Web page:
They say that the eyes are the window to the soul; in many ways your dog’s poo is a window on their health.
(I never thought I’d see the day when I wrote about poop – but there’s a first time for everything.)
Have you noticed that the color of your dog’s poo changes with what they are fed? For example, if you are feeding raw venison, chances are the poo is quite dark.
If, however, the stool has a noticeably black color such as in this photo, this can indicate digested blood and you should be off the vet for a check (don’t be shy, take a sample with you!).
A yellow or slightly green tone indicates a rapid transit time in the bowel, typical if your dog has had diarrhea, as in below. But consistently soft stools can also be an indicator of bowel disease such as IBD.
A white or chalky color to the stool indicates a very high content of calcium, often found in dogs that are being fed raw with a high bone content. If your dog is passing stools of this color, they are at risk of constipation from the bone material they are ingesting because of the dryness and risk of impaction. In my practice, I am seeing instances of poor mixing of raw foods and it usually from the same supplier – which is why I recommend only certain sources of food to my customers.
If you see bright red blood in the stool, it’s also time to talk to your vet and of course, if you see visible worms than a vet visit is also recommended.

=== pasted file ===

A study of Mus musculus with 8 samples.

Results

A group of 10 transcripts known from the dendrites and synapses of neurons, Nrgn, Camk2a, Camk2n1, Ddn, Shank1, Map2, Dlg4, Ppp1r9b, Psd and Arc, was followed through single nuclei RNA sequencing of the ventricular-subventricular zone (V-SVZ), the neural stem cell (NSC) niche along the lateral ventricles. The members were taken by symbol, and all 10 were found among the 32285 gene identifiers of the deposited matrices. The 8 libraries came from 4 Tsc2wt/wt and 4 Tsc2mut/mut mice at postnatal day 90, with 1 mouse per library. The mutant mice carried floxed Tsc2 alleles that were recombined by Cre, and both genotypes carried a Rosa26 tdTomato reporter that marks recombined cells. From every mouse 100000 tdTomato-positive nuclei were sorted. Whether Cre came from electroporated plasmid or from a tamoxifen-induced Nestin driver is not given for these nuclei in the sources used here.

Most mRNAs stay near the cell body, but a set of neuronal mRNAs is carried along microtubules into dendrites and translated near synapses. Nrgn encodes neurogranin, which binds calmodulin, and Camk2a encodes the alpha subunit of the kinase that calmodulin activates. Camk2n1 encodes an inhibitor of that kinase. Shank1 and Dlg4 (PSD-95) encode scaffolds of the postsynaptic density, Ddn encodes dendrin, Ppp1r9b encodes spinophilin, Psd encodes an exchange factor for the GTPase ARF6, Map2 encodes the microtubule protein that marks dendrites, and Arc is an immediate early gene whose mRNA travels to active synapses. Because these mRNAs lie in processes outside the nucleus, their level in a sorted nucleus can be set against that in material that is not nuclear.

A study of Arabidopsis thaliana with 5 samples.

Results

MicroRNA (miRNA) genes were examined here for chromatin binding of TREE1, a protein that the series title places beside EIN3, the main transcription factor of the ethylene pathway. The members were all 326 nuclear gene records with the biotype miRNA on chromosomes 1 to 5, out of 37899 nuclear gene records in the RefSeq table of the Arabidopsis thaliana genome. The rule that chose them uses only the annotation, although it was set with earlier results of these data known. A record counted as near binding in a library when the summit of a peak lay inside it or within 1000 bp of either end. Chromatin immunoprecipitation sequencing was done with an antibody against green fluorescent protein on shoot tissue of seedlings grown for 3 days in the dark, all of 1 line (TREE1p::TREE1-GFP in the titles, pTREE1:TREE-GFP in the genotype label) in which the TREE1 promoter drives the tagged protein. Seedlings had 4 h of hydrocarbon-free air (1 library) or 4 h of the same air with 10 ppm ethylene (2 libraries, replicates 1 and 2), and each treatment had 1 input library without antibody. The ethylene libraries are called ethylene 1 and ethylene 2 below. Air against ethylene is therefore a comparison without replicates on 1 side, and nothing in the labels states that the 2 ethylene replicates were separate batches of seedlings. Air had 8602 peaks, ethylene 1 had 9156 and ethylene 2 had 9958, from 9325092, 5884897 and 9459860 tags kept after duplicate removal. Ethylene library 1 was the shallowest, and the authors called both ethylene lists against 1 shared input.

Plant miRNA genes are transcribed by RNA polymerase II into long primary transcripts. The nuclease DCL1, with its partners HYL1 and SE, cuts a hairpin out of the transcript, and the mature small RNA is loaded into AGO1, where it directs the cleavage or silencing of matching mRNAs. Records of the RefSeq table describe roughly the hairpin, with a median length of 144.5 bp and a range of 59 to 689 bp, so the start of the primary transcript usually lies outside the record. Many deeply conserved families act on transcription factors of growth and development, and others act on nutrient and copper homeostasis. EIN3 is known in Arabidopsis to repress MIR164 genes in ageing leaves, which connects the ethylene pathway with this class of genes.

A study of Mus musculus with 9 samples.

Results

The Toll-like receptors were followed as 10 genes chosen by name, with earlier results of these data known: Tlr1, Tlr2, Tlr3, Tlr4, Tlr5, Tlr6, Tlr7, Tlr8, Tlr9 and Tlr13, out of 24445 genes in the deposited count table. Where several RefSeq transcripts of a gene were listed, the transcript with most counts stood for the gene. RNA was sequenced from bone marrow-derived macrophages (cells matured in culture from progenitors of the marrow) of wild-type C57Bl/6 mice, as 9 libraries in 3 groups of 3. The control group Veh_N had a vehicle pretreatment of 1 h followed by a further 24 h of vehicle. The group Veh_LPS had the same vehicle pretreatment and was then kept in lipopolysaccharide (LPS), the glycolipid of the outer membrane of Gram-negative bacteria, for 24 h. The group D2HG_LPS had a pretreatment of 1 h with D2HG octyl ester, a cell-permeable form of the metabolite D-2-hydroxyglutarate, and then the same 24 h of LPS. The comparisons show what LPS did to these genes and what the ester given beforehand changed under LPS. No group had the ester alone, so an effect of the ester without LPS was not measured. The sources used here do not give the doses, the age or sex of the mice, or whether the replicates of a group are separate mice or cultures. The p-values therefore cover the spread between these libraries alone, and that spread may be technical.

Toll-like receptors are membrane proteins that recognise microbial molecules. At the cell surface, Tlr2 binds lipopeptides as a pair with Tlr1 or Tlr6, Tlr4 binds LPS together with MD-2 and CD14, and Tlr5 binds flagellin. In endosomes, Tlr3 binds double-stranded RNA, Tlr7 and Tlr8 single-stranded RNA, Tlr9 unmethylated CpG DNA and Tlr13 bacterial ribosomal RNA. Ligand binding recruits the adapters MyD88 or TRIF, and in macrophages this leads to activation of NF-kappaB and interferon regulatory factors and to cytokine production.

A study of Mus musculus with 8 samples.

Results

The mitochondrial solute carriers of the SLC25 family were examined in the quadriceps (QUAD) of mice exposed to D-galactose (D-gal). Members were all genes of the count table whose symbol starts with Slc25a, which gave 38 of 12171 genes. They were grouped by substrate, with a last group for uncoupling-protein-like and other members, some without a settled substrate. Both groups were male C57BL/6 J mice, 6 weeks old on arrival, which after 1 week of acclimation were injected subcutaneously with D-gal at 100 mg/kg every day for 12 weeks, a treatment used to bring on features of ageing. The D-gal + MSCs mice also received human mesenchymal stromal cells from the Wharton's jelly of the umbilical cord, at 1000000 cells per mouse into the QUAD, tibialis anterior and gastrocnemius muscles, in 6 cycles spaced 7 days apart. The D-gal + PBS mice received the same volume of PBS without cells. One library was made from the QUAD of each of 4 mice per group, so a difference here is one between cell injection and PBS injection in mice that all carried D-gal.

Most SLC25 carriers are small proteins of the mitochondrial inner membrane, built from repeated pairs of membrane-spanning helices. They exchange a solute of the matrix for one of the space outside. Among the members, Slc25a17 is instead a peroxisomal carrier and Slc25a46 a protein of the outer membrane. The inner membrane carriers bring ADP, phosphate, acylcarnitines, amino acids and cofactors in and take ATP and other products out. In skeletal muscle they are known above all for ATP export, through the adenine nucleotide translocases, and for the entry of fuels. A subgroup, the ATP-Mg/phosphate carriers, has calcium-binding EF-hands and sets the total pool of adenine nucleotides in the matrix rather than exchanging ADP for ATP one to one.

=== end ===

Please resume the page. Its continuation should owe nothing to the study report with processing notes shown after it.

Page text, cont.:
And finally, if your dog passes poos that are a neon green in color, they’ve been exposed to rat or mice poison and urgent attention is needed.
Kathleen Crisley, specialist in dog massage, rehabilitation and nutrition/food therapy, The Balanced Dog, Christchurch, New Zealand
I once thought there was something horribly wrong with my youngest dog after seeing bright red hard lumps in his poo. As we do I took a stick to prod and investigate closer so I’d either have some to show the vet or could at least tell her what I’d seen if we had to do a 100mph journey to the surgery in my car.
Wax church pillar candles. He’d eaten my sodding candles.
Back when we first got him he was obsessed with picking up, chewing and eating absolutely anything he found and it was worrying to the point of me thinking I needed some extra help tackling the problem but thankfully it did stop and he no longer eats stones, sticks, candles or wooden ornaments.
I’d often spot things amiss with poo namely bright green felt that meant he’d been eating felt from tennis balls but God that day… really thought there was something horribly wrong with his insides.
And I’m there with my face 2cm from the pile of poo I’d been poking and prodding with a stick for a good few minutes as my daughter stood with baited breath waiting for me to say whether she should get in the back of my car and ring the vet to say we’re on the way with a dog that’s dying from an internal horrifically terminal looking haemorrhage.
“Oh.. oh no hang on what the….Will you grab the pillar candles off the fireplace I think it’s wax.. is it? IT IS!!! HE’S EATEN MY RED CANDLES!!”